EDITOR’S NOTE: With books such as “Misquoting Jesus” and “Jesus, Interrupted,” New Testament scholar Bart Ehrman has taken his questioning of the authenticity of Scripture straight to the New York Times bestseller list. Ehrman’s background as an evangelical “believer” turned chief skeptic has also made him a favorite of the media. This is the fifth and final part in a five-part series on Ehrman.
ALPHARETTA, Ga. (BP)–Why were the four Gospels included in the New Testament selected and not the other so-called gospels floating around in antiquity? The answer to this question is far more involved than can be fairly discussed here.
One important criterion for the early church was that the book or letter had either been written by an apostle or a close colleague to an apostle. While other Gospels claimed to have been written by Thomas, Peter, Phillip, Mary, Judas and others, scholars are virtually unanimous in concluding that these Gospels were written some time in the second and third centuries — the lone exception being Thomas, which some scholars believe was written in the latter part of the first century, although the evidence now suggests the end of the second century may be more likely. Few scholars hold that these “other gospels” contain eyewitness testimony from the original disciples of Jesus.
In “Jesus, Interrupted,” Bart Ehrman states that he would not mind seeing 1 Timothy excluded from the New Testament and a few others added to it, such as the Gospel of Peter where a “giant Jesus and a walking-talking cross” appears at his resurrection and an infancy gospel where a mischievous five-year-old Jesus performs a few miracles. Of course, Ehrman doesn’t believe any of these stories actually occurred. But we must keep in mind that he likewise doesn’t believe a lot of what is reported in the New Testament Gospels.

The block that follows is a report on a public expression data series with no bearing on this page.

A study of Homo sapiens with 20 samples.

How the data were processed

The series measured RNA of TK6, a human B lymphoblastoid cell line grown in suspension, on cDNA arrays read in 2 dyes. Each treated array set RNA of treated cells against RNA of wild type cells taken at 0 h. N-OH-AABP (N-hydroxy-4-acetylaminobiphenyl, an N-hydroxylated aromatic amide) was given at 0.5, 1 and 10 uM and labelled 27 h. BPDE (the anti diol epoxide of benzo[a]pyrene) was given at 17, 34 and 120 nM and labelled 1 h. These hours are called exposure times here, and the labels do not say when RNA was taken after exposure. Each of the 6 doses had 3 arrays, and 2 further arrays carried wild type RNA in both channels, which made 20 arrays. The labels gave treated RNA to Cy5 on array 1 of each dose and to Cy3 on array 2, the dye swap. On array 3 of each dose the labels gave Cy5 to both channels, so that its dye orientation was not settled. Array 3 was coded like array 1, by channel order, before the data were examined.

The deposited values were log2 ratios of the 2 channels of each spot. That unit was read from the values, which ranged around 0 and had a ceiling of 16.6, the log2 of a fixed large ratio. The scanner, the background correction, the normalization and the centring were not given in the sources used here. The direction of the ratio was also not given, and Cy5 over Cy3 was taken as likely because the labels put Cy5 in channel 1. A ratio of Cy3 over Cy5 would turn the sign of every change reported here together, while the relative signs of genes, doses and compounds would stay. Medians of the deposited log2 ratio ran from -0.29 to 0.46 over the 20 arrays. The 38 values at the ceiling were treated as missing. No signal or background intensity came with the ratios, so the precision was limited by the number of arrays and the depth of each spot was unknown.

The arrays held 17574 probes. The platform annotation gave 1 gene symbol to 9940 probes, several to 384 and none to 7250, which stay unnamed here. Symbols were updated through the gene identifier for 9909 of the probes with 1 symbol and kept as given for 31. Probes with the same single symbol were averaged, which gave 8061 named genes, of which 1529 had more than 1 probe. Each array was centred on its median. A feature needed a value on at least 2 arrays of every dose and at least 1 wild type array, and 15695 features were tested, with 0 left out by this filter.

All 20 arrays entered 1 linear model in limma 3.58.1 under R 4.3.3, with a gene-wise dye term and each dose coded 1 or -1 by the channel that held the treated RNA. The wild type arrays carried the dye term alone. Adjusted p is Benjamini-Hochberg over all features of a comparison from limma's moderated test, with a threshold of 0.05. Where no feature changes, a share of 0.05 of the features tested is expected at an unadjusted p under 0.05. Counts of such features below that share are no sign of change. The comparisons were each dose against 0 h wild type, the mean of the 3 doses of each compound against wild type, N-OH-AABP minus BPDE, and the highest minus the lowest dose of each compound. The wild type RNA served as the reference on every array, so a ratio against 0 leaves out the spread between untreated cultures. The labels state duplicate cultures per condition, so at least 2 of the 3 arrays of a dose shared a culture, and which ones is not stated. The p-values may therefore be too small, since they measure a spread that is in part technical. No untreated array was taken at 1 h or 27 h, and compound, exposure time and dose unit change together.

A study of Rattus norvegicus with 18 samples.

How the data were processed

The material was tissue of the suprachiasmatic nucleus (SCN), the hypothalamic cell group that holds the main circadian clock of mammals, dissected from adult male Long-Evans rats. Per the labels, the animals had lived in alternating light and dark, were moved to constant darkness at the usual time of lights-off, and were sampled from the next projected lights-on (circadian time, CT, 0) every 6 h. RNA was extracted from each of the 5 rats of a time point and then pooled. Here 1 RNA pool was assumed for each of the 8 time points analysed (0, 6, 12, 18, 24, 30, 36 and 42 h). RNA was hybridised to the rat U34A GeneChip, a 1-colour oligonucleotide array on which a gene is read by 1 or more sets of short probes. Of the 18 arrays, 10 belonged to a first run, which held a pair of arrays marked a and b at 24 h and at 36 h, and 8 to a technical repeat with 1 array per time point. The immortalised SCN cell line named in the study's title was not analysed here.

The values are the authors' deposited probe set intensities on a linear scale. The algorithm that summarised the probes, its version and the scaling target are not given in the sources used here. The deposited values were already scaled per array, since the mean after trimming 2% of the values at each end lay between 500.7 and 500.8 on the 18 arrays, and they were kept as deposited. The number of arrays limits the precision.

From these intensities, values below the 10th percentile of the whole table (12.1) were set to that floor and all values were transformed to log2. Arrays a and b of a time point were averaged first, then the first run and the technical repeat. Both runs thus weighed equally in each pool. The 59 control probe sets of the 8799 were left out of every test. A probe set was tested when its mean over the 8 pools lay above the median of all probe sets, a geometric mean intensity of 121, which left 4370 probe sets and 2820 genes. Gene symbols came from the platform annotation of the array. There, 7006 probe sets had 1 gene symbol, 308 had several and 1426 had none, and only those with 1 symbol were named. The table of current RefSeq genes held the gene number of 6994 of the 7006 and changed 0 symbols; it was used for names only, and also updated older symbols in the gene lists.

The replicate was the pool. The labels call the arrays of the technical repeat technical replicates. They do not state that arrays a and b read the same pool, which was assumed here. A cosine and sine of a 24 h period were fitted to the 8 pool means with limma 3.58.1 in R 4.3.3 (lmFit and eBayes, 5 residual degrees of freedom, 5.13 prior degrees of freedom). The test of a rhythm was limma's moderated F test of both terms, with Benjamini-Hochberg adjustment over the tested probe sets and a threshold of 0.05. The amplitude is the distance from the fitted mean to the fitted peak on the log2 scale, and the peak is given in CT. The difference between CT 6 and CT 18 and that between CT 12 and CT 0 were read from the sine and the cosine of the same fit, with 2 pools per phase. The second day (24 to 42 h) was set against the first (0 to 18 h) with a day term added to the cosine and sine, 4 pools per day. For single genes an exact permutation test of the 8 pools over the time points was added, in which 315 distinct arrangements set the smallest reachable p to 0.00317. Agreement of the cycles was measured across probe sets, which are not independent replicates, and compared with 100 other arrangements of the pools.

For Ehrman, the 27 books and letters in our present New Testament are there because at the end of the debates, the winners got to write the past, or at least determine which accounts of the past would be preserved. Of course, sometimes the winners deserve to win. Ehrman would do well to listen to a prominent scholar on the subject of these “other gospels” who writes, “[T]hese other accounts are interesting in the extreme and well worth reading. But they do not, as a rule, provide us with reliable historical information. They are all later than the Gospels of the New Testament and are filled with legendary, though intriguing, stories of the Son of God…. [I]f we want to know about the life of the historical Jesus, we are more or less restricted to using the four Gospels of Matthew, Mark, Luke and John.” The scholar who wrote this statement is … Bart Ehrman (Jesus, Interrupted, 2009, page 151).
When we look at the decisions pertaining to which Gospels to include in the New Testament, we observe that the ancient church got it right. This particular attack by Ehrman differs little from the others we have observed this week. They grab our attention on very important topics. However, in the end we learn that his ultimate conclusions consist mainly of smoke and mirrors rather than the profound findings of scholars. Ehrman’s shock statements and excellent writing skills sell a lot of books. In a struggling economy, this is good for Ehrman and good for his publishers. It’s unfortunate, however, that many sincere people have been and will be misled by them.
On a bright side, Ehrman’s books create opportunities for Christians to discuss the credibility of our faith, a faith that is grounded in solid historical evidence. The evidence is there. Are Christians going to be willing to make good use of it? With the spread of Islam, militant atheism, and the popularity of more sober-minded skeptical scholars like Bart Ehrman, the need for Christian apologetics has never been greater.
Mike Licona is a New Testament historian and apologetics coordinator for the North American Mission Board.. For a better understanding of today’s world religions and for resources that will help you defend your faith, visit NAMB’s apologetics website at www.4truth.net. A four-part video series featuring an interview with Mike Licona about Bart Ehrman accompanies this series. To view the videos, go to http://bit.ly/1oPRbA.
A four-part video series featuring an interview with Mike Licona about Bart Ehrman accompanies this series. To view the videos, go to http://bit.ly/1oPRbA.